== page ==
Do you ever go for a nice morning run to clear your mind, enjoy a cold swim, or voluntarily sweat bullets on a long bike ride in the heat of the summer? If your yoga teacher knew, she’d probably tell you that these kinds of sports won’t help your asana practice.
I beg to differ. Take Ultimate Frisbee, for example. Anyone who plays it knows that it promotes ekagraha (one-pointedness) right? So how exactly do you reconcile your two passions—sports and asana practice?
For starters, read Sakyong Mipham Rinpoche’s Running with the Mind of Meditation. The Sakyong, the lineage holder of Shambhala Buddhism, doesn’t claim that you can or should meditate while running. And he doesn’t even offer you a step-by-step guide to making it to race day.
But what he does do, to the delight of Buddhist meditators and yoga teachers everywhere, is help you recognize how close your goals as a runner are to your intentions as a meditator or spiritual seeker. One big similarity? The attitude (and respect) you bring to both.
Another observation will be awfully familiar to anyone who’s studied bhakti yoga:
“Running is not simply slogging through the miles, trying to sweat out last night’s good times, or burning off excess weight,” he says. It can also be, like any activity practiced with one-pointed focus and an open heart, “a way to celebrate life.”
So how do you manage to keep running and have an established asana practice?
Consider shifting your priorities for asana, says Portland-based yoga teacher Tiffany Cruikshank. She sees it in the personal practice of many seasoned yoga practitioners who are now runners: “their goal isn’t really to be Gumby anymore,” she says, with a laugh.
What does that mean, exactly? “Sometimes it means if my legs are burning I’ll fall out of a posture early,” says marathon runner and yoga teacher Marni Renison. “And that’s a big thing—can you hold this posture? Can you hold this inversion?”
But intensity is no longer why she practices asana. “It’s not my space of competition,” she says, “It’s my space of recovery.”
Bringing Yoga to your Running
Yoga practitioners have a leg up, so to speak, on other runners because they’ve learned to pay deep attention to their bodies. To get the most out of running, take these tips from yoga teacher and ultra marathon runner Josh Schrei.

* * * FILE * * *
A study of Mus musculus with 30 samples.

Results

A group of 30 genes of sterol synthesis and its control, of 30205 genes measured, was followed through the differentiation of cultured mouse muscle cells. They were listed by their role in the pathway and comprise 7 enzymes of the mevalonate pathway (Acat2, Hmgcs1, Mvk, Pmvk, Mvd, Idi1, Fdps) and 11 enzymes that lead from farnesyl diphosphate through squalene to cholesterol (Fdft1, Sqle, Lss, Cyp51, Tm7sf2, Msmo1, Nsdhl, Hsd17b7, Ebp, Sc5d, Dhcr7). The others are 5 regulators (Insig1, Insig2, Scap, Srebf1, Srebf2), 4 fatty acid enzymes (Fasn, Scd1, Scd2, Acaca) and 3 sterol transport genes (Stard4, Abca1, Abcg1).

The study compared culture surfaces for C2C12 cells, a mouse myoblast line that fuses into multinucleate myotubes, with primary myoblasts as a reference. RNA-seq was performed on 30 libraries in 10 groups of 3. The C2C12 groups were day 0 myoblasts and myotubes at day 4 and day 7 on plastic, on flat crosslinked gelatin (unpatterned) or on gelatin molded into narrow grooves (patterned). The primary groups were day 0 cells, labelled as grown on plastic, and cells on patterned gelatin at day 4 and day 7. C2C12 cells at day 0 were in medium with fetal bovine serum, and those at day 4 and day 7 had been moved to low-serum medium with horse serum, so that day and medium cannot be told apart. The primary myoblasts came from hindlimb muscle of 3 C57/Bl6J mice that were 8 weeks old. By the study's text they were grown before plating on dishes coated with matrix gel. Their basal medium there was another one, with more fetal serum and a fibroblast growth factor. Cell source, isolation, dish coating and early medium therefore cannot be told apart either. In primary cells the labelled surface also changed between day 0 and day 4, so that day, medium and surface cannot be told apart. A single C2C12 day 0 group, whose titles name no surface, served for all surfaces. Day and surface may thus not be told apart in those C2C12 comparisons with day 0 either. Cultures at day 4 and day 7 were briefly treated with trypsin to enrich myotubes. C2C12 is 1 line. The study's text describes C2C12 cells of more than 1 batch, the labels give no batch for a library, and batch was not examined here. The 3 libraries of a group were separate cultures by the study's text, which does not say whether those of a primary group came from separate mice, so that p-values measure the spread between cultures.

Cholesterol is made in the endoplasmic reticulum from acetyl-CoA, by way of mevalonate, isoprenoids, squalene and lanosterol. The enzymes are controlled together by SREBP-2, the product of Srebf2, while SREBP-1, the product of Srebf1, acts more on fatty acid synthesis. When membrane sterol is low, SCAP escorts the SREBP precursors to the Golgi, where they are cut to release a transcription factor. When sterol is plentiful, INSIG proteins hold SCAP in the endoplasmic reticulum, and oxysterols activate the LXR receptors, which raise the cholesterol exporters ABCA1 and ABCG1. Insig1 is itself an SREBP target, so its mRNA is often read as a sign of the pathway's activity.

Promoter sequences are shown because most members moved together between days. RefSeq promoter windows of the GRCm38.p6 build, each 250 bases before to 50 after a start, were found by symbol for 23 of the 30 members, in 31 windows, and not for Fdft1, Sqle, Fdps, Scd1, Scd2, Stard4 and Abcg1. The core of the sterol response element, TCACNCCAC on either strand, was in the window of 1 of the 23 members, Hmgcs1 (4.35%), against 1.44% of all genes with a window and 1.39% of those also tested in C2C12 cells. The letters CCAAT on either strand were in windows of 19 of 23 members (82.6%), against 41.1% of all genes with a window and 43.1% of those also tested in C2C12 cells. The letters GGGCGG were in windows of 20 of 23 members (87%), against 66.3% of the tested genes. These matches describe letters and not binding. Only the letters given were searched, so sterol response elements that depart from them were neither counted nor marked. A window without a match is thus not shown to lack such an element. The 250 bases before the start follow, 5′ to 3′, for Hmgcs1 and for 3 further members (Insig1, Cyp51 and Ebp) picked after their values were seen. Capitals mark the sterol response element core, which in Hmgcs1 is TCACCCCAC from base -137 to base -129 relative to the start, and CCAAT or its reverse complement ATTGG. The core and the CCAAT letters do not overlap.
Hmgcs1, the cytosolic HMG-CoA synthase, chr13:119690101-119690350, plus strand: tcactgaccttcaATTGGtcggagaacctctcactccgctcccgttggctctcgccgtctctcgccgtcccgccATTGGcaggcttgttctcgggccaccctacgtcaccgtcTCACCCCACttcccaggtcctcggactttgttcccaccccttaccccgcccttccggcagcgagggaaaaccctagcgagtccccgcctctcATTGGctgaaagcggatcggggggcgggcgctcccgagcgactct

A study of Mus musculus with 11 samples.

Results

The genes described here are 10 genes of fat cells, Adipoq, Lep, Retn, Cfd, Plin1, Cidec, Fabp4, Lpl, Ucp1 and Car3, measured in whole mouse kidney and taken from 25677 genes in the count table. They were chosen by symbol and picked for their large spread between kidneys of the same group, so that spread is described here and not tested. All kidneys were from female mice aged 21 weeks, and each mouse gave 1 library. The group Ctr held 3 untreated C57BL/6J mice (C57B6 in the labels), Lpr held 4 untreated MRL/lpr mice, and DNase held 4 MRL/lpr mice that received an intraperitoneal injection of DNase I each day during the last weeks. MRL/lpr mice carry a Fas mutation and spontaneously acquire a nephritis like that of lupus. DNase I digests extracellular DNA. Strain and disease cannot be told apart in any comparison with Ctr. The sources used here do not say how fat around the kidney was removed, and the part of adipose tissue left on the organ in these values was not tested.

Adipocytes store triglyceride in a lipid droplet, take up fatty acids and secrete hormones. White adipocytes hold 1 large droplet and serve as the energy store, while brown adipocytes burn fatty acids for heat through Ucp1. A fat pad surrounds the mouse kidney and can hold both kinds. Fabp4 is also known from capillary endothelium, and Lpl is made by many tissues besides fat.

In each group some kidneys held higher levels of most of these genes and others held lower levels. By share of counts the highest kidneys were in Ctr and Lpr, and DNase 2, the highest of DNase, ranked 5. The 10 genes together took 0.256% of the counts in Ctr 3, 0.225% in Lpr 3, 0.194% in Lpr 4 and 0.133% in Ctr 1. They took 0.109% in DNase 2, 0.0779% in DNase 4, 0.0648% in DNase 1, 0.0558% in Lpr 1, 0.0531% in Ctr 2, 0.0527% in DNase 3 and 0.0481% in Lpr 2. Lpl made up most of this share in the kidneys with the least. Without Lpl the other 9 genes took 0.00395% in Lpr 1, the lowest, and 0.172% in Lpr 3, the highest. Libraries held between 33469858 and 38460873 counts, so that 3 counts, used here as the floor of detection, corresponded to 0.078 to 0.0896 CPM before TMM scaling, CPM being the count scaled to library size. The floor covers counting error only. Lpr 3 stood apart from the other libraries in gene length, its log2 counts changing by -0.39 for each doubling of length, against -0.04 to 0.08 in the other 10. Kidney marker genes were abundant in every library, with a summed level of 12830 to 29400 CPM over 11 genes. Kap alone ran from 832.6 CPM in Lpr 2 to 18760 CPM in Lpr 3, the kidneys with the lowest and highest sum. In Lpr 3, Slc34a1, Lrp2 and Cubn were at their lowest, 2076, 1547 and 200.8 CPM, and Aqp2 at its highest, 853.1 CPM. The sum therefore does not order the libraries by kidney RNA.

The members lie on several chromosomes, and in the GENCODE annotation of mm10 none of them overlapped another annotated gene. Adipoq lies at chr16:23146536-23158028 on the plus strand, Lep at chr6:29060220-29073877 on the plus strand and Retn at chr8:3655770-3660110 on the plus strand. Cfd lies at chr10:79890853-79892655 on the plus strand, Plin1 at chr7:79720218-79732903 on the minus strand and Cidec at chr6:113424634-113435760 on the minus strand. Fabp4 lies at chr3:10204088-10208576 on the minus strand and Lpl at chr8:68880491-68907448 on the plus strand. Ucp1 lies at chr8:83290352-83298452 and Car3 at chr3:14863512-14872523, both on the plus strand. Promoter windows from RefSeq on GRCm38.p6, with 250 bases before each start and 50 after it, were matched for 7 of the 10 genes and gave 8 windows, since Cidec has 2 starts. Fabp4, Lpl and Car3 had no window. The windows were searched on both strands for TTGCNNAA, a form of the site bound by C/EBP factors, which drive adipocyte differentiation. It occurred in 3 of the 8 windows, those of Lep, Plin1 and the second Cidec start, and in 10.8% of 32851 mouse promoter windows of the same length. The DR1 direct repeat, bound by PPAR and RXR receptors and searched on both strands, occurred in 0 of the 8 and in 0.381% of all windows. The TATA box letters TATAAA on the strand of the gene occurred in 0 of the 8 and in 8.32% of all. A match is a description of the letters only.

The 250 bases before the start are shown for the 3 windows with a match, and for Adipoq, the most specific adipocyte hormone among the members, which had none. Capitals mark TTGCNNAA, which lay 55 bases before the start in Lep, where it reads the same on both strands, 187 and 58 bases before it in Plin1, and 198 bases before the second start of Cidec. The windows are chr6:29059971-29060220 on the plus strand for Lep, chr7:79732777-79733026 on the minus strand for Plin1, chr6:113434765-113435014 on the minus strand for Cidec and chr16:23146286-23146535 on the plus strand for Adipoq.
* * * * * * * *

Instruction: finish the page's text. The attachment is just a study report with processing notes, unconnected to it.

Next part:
Try to stay keenly aware of your physical alignment. “You can have really good posture in your yoga practice” he says, “then start running, and it’s a whole new thing—those good habits we have go out the window.”
Instead of leaning forward as you run, he notes, keep the spine long, the navel slightly drawn in, and the heart lifted—just like you would in Tadasana (mountain pose). The benefit? As in yoga, this can prevent injury, and also make every run become “tremendous core exercise.”
Focus on your breath and pay attention to physical cues so that when your body tells you to slow down or take a break you can hear that.
You can also use running as a way to practice the yogic concept of self-surrender, says Schrei. Start by letting go of expectations about how fast or how far you should run. Over time, that open and trusting attitude can actually open the doors to longer and more intense runs than you ever previously imagined.
Bonus: Consider incorporating the bandhas. “You can work with uddiyana bandha directly while running” Schrei says. In addition to its energetic effect on the vayus, practicing uddiyana bandha will benefit your run by stabilizing the neutral alignment of the lumbar spine—preventing it from overarching or collapsing.